One of my goals on The Atlas Heart is to break down travel misconceptions or judgments about places and ideas. Perhaps it could be that destination that everyone warns you not to visit because of how dangerous it is, or maybe you yourself had preconceived notions that were proven wrong once you arrived to where you were going.
My aim is to present a variety of different opinions and experiences through the eyes of other travelers. It’s important to hear travel stories from all different perspectives in life, I call it seeing the world through a kaleidoscope lens.
So, I’m starting my first ever guest posting series about these travel misconceptions we find throughout our lives and epic journeys. I’ve asked a few writers to talk about their own misconceptions and perhaps how they were proven wrong in their travels.
Without further ado, I’m happy to introduce the next guest poster on this blog – Maggie from Dakota Gypsy – talking about her time in the city of Bogota and Colombia as a whole. Take it away, Maggie!
I hadn’t originally intended to visit Colombia. My plan had been to fly to Ecuador, and head south to Peru and Bolivia from there. Colombia wasn’t even on my radar as a possible destination. But when it came time to book the ticket, it was cheaper to fly to Colombia, so I bought a ticket to Bogota instead.
I was immediately apprehensive about what I had done. I didn’t know anything about Colombia other than the vague impression I had that it was very dangerous.
I read the US State department travel warning, which includes statements like, “The Department of State strongly encourages U.S. citizens to exercise caution and remain vigilant as terrorist and criminal activities remain a threat throughout the country. Explosions occur throughout Colombia on a regular basis, including in Bogota.”
Not long after that, a friend and I binge-watched Narcos on Netflix, which is a tv show about the Colombian drug lord Pablo Escobar and the extreme violence that gripped Colombia in the 1980s.
I’m not an experienced world traveler. Other than Canada, I’d never been to a foreign country by myself. What was I about to do?
But I got on the plane and gave Colombia a shot, and I couldn’t be more grateful that I did. I fell in love with this country, and so has every other tourist I’ve met who’s been there. I ended up staying for an entire month, and I already can’t wait to go back.
Colombia boasts both beautiful mountain cities and tropical Caribbean coastline, and it seems like there is an endless list of places to explore.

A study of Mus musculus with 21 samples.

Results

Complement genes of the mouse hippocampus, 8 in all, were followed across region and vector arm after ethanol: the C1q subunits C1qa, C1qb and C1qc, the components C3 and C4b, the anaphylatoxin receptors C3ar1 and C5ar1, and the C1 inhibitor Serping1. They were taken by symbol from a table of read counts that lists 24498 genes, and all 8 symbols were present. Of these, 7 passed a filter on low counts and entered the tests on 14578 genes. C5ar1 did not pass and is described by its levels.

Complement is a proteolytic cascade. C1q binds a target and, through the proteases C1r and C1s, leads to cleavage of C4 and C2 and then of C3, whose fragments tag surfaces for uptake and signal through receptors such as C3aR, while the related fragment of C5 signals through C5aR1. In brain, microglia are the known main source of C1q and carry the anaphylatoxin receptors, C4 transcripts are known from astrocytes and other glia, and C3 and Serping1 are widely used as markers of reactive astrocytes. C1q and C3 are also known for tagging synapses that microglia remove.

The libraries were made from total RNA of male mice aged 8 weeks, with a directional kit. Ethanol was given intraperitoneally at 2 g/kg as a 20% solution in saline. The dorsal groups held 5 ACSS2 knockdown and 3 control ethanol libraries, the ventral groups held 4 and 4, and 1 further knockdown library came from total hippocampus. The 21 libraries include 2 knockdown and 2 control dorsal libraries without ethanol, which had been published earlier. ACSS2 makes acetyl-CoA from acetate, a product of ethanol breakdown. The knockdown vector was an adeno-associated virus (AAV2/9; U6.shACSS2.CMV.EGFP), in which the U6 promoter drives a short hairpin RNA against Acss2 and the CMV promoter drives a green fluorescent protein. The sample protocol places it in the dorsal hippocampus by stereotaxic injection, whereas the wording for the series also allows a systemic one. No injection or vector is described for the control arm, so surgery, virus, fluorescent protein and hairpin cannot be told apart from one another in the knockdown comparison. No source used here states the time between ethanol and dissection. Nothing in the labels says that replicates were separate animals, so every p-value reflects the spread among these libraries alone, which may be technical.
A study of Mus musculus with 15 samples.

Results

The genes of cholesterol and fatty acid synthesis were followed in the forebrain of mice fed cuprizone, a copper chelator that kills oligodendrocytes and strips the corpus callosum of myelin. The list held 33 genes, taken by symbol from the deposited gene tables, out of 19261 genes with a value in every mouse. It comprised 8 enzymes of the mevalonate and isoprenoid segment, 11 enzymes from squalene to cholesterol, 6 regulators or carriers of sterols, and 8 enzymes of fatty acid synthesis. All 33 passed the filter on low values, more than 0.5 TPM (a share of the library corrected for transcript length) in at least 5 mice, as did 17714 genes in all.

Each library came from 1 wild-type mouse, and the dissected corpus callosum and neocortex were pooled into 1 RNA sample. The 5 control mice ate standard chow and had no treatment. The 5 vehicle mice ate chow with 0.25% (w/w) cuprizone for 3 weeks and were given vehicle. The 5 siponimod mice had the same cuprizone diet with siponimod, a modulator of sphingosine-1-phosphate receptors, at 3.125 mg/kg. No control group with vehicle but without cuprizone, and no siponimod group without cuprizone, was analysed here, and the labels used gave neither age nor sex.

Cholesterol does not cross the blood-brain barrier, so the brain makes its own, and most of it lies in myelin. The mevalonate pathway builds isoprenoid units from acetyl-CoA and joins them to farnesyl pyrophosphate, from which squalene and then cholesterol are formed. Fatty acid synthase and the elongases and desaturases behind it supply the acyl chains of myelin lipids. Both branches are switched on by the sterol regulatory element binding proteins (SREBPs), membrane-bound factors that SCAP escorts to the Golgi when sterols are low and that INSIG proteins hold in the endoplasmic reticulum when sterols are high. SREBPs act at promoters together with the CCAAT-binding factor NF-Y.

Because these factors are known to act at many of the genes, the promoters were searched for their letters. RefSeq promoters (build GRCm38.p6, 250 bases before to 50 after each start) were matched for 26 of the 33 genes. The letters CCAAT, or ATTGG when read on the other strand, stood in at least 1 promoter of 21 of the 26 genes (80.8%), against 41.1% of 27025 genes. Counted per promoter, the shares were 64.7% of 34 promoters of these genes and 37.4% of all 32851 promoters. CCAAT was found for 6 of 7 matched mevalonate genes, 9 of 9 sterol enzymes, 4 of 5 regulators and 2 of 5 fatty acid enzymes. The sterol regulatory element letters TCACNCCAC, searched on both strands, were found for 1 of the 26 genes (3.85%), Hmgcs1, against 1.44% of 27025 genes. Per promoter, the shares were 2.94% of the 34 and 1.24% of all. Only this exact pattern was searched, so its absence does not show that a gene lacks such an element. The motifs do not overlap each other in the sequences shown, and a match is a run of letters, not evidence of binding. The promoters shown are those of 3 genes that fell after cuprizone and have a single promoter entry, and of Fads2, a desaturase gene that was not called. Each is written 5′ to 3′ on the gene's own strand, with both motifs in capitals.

I danced all night at Carnaval in Barranquilla, I went swimming in a waterfall in the jungle near Minca, and I went paragliding and white water rafting in San Gil. I went to a language exchange and made many friends in Bogota, which turned out to be my favorite city, and rode a cable car over the top of a mountain in Medellin.
I never once experienced a situation in which I felt threatened or unsafe, but I have talked to a few expats who have gotten mugged in Bogota. People frequently told me not to use my phone in public: cell-phone snatching is common. In certain places, such as the large cities of Bogota and Medellin, I was careful to return to my hostel before dark, unless I was with a group of people.
But to be honest, these situations and precautions seem pretty typical of any country – my own (the U.S.) included.
Personal guns are illegal in Bogota, and the attitude towards even marijuana surprised me: while smoking weed is socially acceptable and quite common in Oregon where I live, even young people in Colombia often scoffed at it. One person tried to explain the attitude this way: ‘only homeless people and degenerates smoke weed.’
A couchsurfing host I had told me he would get evicted if his landlords found out he smoked weed. So for a country that is supposedly overrun with narcos, drugs are actually not very culturally acceptable. In fact, even getting drunk while out partying is kind of frowned upon. A few drinks are fine, but it’s expected that you’ll keep your wits about you and behave respectably while out drinking.
I’m glad I gave Colombia a chance. I’ve now been in Ecuador for a few weeks, and whenever I meet other backpackers here, all anyone can talk about is how much they loved Colombia. It has a certain je ne sais quoi that just seems to resonate with people.
On top of that, since we’re ahead of what I expect to be a coming tourist boom, and the exchange rate is very favorable, it’s a culturally authentic and cost-effective trip. I hope you’ll consider giving it a chance, too.
Maggie Abernathy is a freelance social media manager and travel blogger who lives in Portland, Oregon, but is currently backpacking in South America.